It’s hard to imagine it, on the basis of his last few collections, but what defined JW Anderson when he was first starting out was his romanticism. His debut collections were beautiful and fey affairs, shot through with a love of Celtic mythology, Arcadian British history and poetry. But as he found success — it’s hard to remember that he’s still only 28, so accomplished and fully realized is his body of work — he hardened up. The menswear got kinkier and the womenswear got more minimal. For spring 2014, however, he revisited some of those old dreams.
The show-openers were gauzy, virginal confections fit for sci-fi milkmaids. Chin-high and floor-length, dresses were strictly cinched-in to create shapes that were almost 18th Century in their cutting. The fact that they were constructed out of crisp nylon rather than muslin was an acknowledgement of Anderson’s masterly way with fabrics.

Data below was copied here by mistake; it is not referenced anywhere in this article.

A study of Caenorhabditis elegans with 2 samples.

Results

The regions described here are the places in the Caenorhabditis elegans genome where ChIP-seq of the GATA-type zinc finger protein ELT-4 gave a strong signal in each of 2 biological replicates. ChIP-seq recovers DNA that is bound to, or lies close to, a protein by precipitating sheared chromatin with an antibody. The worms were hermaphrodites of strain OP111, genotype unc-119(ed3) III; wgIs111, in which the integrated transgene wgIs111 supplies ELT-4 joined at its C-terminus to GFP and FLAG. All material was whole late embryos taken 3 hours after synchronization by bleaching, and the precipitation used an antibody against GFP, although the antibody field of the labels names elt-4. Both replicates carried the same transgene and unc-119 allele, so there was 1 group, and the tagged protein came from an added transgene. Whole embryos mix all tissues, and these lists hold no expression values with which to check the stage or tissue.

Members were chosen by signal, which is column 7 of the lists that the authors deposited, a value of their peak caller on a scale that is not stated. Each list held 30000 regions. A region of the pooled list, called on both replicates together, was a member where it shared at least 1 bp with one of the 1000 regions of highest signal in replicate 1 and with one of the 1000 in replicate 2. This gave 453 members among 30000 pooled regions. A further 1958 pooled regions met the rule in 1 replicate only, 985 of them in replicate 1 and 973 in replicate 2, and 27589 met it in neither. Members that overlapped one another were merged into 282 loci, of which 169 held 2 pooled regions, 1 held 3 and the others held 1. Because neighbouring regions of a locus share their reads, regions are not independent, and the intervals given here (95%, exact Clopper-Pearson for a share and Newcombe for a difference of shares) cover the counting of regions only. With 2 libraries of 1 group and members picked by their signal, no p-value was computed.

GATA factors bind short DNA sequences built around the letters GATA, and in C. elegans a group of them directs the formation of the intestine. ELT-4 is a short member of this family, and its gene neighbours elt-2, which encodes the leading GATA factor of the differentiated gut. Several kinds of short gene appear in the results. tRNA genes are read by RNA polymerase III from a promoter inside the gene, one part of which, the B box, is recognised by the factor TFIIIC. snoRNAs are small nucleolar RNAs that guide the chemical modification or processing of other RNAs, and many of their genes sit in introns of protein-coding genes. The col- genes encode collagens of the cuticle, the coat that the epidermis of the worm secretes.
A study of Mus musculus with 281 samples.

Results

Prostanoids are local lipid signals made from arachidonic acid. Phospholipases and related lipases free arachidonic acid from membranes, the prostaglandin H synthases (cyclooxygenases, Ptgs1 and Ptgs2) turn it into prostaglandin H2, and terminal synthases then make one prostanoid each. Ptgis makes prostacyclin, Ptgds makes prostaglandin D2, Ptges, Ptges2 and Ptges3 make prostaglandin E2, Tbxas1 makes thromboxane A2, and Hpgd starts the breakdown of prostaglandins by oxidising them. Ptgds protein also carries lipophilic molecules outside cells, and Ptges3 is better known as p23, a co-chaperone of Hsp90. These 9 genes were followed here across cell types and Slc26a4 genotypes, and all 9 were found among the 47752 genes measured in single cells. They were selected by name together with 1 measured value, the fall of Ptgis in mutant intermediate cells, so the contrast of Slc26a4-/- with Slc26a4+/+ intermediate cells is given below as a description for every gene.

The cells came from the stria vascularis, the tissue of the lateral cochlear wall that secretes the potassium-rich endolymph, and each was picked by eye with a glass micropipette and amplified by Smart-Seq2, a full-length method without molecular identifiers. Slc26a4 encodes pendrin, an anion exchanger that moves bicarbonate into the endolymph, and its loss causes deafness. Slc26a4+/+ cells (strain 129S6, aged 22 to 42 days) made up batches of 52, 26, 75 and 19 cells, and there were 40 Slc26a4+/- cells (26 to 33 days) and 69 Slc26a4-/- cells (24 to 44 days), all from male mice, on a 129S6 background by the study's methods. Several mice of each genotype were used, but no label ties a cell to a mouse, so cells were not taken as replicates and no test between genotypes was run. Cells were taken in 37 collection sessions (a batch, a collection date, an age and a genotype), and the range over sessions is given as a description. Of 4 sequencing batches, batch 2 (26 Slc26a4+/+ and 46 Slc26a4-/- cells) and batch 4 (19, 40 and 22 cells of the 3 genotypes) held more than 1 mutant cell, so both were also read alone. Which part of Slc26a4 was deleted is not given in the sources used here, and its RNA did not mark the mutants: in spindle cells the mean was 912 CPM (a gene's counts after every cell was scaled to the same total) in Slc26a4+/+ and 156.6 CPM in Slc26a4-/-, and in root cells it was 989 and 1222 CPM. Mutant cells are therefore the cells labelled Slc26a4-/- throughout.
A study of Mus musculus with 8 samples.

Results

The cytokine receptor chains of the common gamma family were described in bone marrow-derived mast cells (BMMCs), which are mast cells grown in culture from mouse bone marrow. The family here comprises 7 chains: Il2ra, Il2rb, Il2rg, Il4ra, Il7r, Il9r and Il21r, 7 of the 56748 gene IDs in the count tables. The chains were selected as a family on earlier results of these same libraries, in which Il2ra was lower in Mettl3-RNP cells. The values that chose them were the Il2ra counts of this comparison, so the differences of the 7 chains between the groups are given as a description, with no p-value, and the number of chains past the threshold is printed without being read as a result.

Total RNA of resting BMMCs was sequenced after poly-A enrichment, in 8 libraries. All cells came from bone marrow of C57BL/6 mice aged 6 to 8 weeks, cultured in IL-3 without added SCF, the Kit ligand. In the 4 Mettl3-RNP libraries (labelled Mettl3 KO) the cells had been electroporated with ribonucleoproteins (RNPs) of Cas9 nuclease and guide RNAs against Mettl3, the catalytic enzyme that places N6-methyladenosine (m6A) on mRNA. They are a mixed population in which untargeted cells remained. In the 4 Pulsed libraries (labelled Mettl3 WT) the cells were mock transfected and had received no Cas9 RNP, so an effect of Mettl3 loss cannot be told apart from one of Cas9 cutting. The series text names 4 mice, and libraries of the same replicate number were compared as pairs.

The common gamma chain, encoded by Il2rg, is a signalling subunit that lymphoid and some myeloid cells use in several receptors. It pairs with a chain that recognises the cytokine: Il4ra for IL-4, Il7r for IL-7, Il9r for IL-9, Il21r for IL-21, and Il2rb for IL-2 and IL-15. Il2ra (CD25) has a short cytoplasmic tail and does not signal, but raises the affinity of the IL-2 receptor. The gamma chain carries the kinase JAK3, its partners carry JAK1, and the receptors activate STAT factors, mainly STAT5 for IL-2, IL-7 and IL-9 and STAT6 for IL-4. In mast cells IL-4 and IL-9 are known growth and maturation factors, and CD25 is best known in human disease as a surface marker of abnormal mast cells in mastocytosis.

As the show continued, nylon and pleather pieces were folded into shapes that almost resembled bows, albeit without any flounce. He also paid lavish homage to the Japanese designers of the eighties. Pleating was paramount — sharp chevron shapes were somehow folded into leather — an unmistakeable Issey Miyake reference, while other pieces seemed to have been folded around the models, origami-like. And a lot of bare skin was on show, leavening the austerity — some of the asymmetrically cropped tops could almost have been collars, so sharply were they truncated beneath the bust, while the translucent techno-fabrics left little to the imagination.
One-shoulder tops and skirts in plastic, seemingly overlaid with chiffon, skated dangerously close to prettiness and some of the spaghetti-strapped, ruched gowns could grace any red carpet. No wonder LVHM is widely rumored to be adding the label to its stable. Conceptualism with an accessible edge is fast becoming Anderson’s trademark.